There are well-known similarities between Japan and Germany – they are both manufacturers of exports which are in demand across the world, they have excellent engineering skills and leadership in manufacturing and craftsmanship. Furthermore, both are serious about their work, precise in time keeping and execution of their work, and are reliable and trustworthy.
Many German and Japanese companies are similar – Toyota and Volkswagen, BMW and Honda, Thyssen Krupp and JFE Steel, BASF and Mitsubishi Chemical, Siemens and Hitachi, Leica and Nikon, etc. Both countries recovered after WWII through their hardworking attitudes.
So says Ulrike Schaede, Professor of Japanese Business at the Graduate School of International Relations and Pacific Studies at the University of California, San Diego. However she also sees four fundamental differences, particularly with regard to the average white collar worker.
1. Life priorities
Most Germans (so long as they are not consultants or lawyers or top executives) will leave work somewhere between 5 and 6pm at night, so they can return home to eat dinner with their families or meet friends. However it is almost unheard of for a Japanese salaryman to leave at such a time on a regular basis. Even without counting “service” overtime (unpaid) that most Japanese put in, the average working year is 350 hours longer in Japan than in Germany.
This is because Germans believe that they have a contract which pays them for 40 hours of work a week with their employer and therefore if an employer wants more hours, then they should pay more. If a Germany employee can’t finish all their work on time, then they will either try to work more efficiently, even skipping lunch, or they will blame the employer for giving them too much work to do.
Work life balance in Japan has come to mean how to have better day care facilities so women can work, but in Germany it means a good balance between work and private life for all employees.
2. Process and result
Both Japanese and Germans believe there is a correct way of doing things. Consumers read instructions for the products they have bought and workers obey the rules. But the big difference is that Germans also value the result and getting to the result in the most efficient way. So they are fine if someone finds a quicker way to do something. If too long is taken on a business process, they start to become impatient. in fact they become downright rude. However for the Japanese, the process is just as important as the result. It should always be done the same way by everyone, then no one will feel left out. For a new way to be accepted, everyone has to agree. There is no room for individual initiative.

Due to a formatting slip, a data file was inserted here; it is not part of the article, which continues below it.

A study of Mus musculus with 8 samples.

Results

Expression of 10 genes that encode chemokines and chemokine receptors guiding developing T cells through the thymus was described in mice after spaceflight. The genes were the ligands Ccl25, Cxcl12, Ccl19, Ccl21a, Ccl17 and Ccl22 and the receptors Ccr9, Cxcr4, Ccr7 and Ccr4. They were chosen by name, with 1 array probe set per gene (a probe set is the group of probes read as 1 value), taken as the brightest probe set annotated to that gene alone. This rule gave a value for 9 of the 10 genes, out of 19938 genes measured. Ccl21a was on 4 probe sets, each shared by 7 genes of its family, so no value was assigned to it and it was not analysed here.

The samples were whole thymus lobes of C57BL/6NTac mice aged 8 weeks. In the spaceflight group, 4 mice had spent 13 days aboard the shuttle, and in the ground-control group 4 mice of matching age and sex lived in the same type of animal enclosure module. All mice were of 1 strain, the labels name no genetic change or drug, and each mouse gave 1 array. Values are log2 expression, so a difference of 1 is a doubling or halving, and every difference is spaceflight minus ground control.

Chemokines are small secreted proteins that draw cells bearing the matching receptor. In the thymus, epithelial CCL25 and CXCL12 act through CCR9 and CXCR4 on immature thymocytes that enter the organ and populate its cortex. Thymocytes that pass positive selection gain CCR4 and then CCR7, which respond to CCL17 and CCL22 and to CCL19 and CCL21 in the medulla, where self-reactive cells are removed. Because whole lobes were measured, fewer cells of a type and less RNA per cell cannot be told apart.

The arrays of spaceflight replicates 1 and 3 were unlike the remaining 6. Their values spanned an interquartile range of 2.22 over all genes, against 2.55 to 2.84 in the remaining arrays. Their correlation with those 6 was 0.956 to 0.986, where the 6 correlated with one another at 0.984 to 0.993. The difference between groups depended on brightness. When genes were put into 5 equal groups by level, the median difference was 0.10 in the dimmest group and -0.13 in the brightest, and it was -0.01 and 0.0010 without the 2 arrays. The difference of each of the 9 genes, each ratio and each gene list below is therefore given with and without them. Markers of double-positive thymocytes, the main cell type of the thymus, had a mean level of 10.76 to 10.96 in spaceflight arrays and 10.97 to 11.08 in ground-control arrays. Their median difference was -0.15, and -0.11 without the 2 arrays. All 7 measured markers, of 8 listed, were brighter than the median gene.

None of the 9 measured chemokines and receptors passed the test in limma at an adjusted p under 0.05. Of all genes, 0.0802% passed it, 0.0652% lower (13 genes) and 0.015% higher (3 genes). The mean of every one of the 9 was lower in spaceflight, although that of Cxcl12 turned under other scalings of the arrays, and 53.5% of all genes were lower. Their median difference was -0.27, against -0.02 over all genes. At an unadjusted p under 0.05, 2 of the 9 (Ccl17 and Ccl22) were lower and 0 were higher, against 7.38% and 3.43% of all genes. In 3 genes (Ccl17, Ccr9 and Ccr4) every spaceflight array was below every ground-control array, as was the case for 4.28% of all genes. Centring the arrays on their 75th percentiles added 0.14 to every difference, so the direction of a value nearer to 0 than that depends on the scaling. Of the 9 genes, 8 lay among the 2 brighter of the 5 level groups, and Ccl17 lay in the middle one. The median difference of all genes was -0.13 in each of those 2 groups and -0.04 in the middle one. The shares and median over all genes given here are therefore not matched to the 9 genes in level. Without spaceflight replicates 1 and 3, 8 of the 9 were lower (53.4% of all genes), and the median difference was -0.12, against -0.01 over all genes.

3. Say what you think
Germans on average are much more direct than most other nationalities. In fact they like to share opinions with others. Japanese people feel “debate”has negative connotations. Schaede says she has found it very hard to have discussions about politics world affairs or business with Japanese people, which to Germans means it is hard to make friends.
4. Customer service
German customer service is the exact opposite of Japanese customer service. Whereas a Japanese server might say ” I am sorry to have kept you waiting”, in Germany the customer expects to have to wait to be served. In fact if you turn up too close to closing time in a shop, you might be refused service. The belief is that shop assistants have rights too – to go home on time. There is no concept that the customer is more important than the employee.
As Schaede says – and as a cross cultural consultant, who am I to disagree – there are two learnings from this. One is the importance of understanding cross cultural differences at a profound level if you are going to do business across borders. The second is that when you have a multicultural team each will have different priorities and different processes to reach a result. These are deep rooted and it will be difficult to bring everyone round to one point of view.